Download Full Text (7.0 MB)
Will receive Kendrick but is a risk ----------? Not do for president of the College (with reasons). Complains of college responsibilities.
letter, McIlvaine, Bedell, Kendrick, Kenyon College
McIlvaine, Charles Pettit, "Letter to Bishop Bedell" (1863). Charles Pettit McIlvaine Letters. 335.
Cinc. Jan 21/63
My dear Bishop
Yours of the 19th came this Ev. I wrote yesterday. As to Kendrick, I take about the same view as you do, & probably [shall] receive him, but it is a [risk]. I do not doubt the sincerity of what he now professes, & I think there is favorable evidence of a new spirit in all the manner in which he has borne these enquiries. But he has a great deal to [beware].
As to a Pres, I do not think it worthwhile to think of [?]. No doubt he is scholar & christian enough, but he has been too long fastened to a narrow sphere & that at his native place, & seems to me too much of a recluse & too worried to be what we want, would he care which I have no idea he would.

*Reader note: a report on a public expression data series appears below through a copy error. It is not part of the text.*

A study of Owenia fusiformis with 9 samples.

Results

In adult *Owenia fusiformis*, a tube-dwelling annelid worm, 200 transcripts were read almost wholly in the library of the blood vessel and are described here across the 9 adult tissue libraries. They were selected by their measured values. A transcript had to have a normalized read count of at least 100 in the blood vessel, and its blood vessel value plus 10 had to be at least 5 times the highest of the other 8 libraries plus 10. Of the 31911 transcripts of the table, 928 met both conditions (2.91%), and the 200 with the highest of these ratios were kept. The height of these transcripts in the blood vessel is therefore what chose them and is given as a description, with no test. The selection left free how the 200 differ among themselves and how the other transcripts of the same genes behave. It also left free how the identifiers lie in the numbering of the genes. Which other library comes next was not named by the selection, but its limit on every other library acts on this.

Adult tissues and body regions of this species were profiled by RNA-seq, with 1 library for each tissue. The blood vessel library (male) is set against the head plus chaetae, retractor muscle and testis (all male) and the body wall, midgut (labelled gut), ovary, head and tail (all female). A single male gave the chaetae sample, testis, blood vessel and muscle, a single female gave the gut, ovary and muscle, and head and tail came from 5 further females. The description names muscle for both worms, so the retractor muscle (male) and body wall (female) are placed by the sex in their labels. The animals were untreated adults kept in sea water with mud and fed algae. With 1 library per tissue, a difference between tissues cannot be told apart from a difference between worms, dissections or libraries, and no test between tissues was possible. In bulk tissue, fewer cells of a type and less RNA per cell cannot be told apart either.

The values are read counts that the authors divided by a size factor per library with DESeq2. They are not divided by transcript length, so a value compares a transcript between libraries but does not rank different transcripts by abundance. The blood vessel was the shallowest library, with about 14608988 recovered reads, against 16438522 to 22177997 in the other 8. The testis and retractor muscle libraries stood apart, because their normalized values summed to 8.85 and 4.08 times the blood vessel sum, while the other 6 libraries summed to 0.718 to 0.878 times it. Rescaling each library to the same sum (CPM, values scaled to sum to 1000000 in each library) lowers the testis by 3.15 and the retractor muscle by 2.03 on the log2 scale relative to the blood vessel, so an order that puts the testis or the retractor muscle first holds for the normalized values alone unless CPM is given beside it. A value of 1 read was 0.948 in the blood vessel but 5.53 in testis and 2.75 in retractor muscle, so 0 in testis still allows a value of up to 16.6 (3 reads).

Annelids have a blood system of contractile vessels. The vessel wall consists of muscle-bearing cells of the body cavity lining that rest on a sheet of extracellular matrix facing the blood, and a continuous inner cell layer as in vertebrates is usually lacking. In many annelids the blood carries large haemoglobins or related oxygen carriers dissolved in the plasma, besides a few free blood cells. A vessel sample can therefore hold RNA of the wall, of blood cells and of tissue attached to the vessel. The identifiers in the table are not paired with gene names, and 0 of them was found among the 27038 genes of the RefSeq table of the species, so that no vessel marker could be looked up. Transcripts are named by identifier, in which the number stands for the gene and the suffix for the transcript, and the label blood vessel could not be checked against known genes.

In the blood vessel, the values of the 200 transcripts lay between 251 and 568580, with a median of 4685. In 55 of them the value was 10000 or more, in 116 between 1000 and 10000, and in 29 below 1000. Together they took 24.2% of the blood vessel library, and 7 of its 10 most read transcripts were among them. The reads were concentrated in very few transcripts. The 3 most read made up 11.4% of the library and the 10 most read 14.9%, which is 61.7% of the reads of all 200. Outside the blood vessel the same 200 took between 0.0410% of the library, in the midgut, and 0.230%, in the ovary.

As to going to N.Y., or the East, I am now [motionless] almost, out of pain only when as a certain posture. The gathering I suppose will discharge itself in a day or two, but such things have been following me another so continually for some months, that I know not what to expect when one is gone. I will want till next week to see. But I am the poorest hand in the world for such work. I cannot persuade in such a case. Besides, how can you ascertain if a man will accept. Must he take weeks to consider & am I to be there all that time & then if he at last declines, am I try another siege of weeks? I could not do it. I am too restless away from home & nothing to do, to bear it. To be hanging about in the East for weeks & weeks out of habit, feeling like an idler, for that I cannot [accept], under such circumstances, - it would be intolerable. I will think about it, but I don’t see the way clear. What a burden that College has been to me those 30 years. If you will go you shall.